Donald D. Hoffman

The Case Against Reality
  • The Case Against Reality

  • SHORTLISTED FOR THE PHYSICS WORLD BOOK OF THE YEAR 2019

    'One of the deepest and most original thinkers of his generation of cognitive scientists. His startling argument has implications for philosophy, science, and how we understand the world around us' Steven Pinker

    'Is reality virtual? It's a question made even more interesting by this book' Barbara Kiser, Nature

    Do we see the world as it truly is? In The Case Against Reality, pioneering cognitive scientist Donald Hoffman says no? we see what we need in order to survive. Our visual perceptions are not a window onto reality, Hoffman shows us, but instead are interfaces constructed by natural selection. The objects we see around us are not unlike the file icons on our computer desktops: while shaped like a small folder on our screens, the files themselves are made of a series of ones and zeros - too complex for most of us to understand. In a similar way, Hoffman argues, evolution has shaped our perceptions into simplistic illusions to help us navigate the world around us. Yet now these illusions can be manipulated by advertising and design.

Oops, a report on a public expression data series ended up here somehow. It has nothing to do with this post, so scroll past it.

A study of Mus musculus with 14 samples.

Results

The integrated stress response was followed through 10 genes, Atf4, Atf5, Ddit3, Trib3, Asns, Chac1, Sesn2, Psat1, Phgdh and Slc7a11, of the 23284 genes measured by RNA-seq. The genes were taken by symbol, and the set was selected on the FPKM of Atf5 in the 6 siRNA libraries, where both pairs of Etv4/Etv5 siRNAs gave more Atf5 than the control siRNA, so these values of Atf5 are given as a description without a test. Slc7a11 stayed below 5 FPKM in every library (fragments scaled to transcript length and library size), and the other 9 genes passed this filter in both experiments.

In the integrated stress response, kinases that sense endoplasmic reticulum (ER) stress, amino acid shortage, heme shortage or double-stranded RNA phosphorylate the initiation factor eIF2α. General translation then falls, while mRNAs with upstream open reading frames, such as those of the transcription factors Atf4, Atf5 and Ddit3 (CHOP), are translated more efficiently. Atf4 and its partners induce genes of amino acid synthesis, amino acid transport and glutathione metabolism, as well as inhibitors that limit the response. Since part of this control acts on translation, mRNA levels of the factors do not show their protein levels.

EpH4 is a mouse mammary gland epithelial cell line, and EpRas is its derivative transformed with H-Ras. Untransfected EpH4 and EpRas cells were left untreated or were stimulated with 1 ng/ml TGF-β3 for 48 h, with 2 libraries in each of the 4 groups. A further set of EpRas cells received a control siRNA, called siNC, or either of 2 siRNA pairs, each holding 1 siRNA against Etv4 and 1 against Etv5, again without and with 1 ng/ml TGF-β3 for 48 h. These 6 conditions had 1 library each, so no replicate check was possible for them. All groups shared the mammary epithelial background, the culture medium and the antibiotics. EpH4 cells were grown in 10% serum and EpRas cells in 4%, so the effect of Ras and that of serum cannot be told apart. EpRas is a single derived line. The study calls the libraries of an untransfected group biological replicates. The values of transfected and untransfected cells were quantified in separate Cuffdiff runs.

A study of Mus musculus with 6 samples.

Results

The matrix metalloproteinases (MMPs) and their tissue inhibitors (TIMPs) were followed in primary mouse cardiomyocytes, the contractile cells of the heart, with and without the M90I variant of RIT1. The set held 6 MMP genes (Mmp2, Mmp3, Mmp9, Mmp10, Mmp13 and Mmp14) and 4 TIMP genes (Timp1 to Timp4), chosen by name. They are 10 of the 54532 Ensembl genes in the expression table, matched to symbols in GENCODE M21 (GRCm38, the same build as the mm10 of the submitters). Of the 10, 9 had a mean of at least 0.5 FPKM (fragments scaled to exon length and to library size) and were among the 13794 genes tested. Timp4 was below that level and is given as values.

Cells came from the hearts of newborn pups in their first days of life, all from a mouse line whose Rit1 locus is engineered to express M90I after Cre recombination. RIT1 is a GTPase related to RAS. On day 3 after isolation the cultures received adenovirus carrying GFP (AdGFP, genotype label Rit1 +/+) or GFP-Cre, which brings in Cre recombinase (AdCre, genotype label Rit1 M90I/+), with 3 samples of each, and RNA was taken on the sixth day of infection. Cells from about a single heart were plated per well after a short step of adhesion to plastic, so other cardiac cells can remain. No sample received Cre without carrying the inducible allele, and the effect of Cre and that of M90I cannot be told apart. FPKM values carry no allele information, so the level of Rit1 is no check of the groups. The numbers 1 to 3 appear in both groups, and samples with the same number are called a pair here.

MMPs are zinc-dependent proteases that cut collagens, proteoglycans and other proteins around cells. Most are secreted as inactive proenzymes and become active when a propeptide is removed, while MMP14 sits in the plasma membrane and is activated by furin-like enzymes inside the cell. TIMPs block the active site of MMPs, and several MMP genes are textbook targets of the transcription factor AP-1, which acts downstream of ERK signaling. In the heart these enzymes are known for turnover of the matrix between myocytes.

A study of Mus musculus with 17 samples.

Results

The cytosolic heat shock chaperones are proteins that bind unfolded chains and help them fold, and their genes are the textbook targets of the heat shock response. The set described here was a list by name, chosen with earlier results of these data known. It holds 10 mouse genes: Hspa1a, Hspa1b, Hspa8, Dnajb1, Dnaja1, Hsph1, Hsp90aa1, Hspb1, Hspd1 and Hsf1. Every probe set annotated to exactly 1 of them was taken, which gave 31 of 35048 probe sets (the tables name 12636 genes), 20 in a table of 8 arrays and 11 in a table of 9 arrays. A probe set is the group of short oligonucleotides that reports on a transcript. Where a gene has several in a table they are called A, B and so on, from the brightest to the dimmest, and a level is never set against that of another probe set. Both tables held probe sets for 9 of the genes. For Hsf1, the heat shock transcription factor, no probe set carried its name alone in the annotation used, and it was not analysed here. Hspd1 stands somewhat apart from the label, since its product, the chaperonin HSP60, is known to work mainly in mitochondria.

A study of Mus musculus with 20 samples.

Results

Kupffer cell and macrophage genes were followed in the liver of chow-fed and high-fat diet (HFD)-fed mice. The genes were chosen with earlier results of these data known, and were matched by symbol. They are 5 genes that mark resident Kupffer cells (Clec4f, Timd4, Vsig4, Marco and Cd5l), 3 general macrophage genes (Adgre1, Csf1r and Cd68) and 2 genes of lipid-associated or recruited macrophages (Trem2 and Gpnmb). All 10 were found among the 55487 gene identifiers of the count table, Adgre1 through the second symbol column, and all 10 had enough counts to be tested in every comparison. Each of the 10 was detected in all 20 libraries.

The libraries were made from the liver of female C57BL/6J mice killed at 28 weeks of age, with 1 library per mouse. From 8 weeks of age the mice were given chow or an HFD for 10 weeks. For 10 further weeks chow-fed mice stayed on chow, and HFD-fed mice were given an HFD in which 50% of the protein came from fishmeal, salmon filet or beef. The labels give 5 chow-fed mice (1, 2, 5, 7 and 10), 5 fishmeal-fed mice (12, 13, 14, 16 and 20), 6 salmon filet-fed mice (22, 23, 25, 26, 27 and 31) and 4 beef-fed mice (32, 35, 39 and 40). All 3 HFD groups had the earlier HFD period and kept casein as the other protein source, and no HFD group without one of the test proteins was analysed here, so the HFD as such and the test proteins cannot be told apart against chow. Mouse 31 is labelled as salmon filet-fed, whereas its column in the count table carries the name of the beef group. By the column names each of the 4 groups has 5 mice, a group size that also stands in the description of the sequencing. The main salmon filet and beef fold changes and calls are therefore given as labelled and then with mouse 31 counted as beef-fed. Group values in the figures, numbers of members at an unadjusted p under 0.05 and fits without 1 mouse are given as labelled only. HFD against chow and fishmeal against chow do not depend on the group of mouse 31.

Drawing on thirty years of Hoffman's own influential research, as well as evolutionary biology, game theory, neuroscience, and philosophy, The Case Against Reality makes the mind-bending yet utterly convincing case that the world is nothing like what we see through our eyes.

Donald D. Hoffman is Professor of Cognitive Sciences at the University of California, Irvine. He is the author of Visual Intelligence (Norton, 1998), as well as over one hundred scholarly articles on various aspects of human perception and cognition. He received a Distinguished Scientific Award of the American Psychological Association for early career research into visual perception; the Rustum Roy Award of the Chopra Foundation; and the Troland Research Award of the US National Academy of Sciences. His 2015 TED Talk 'Do we see reality as it is?' has had over 2.9 million views.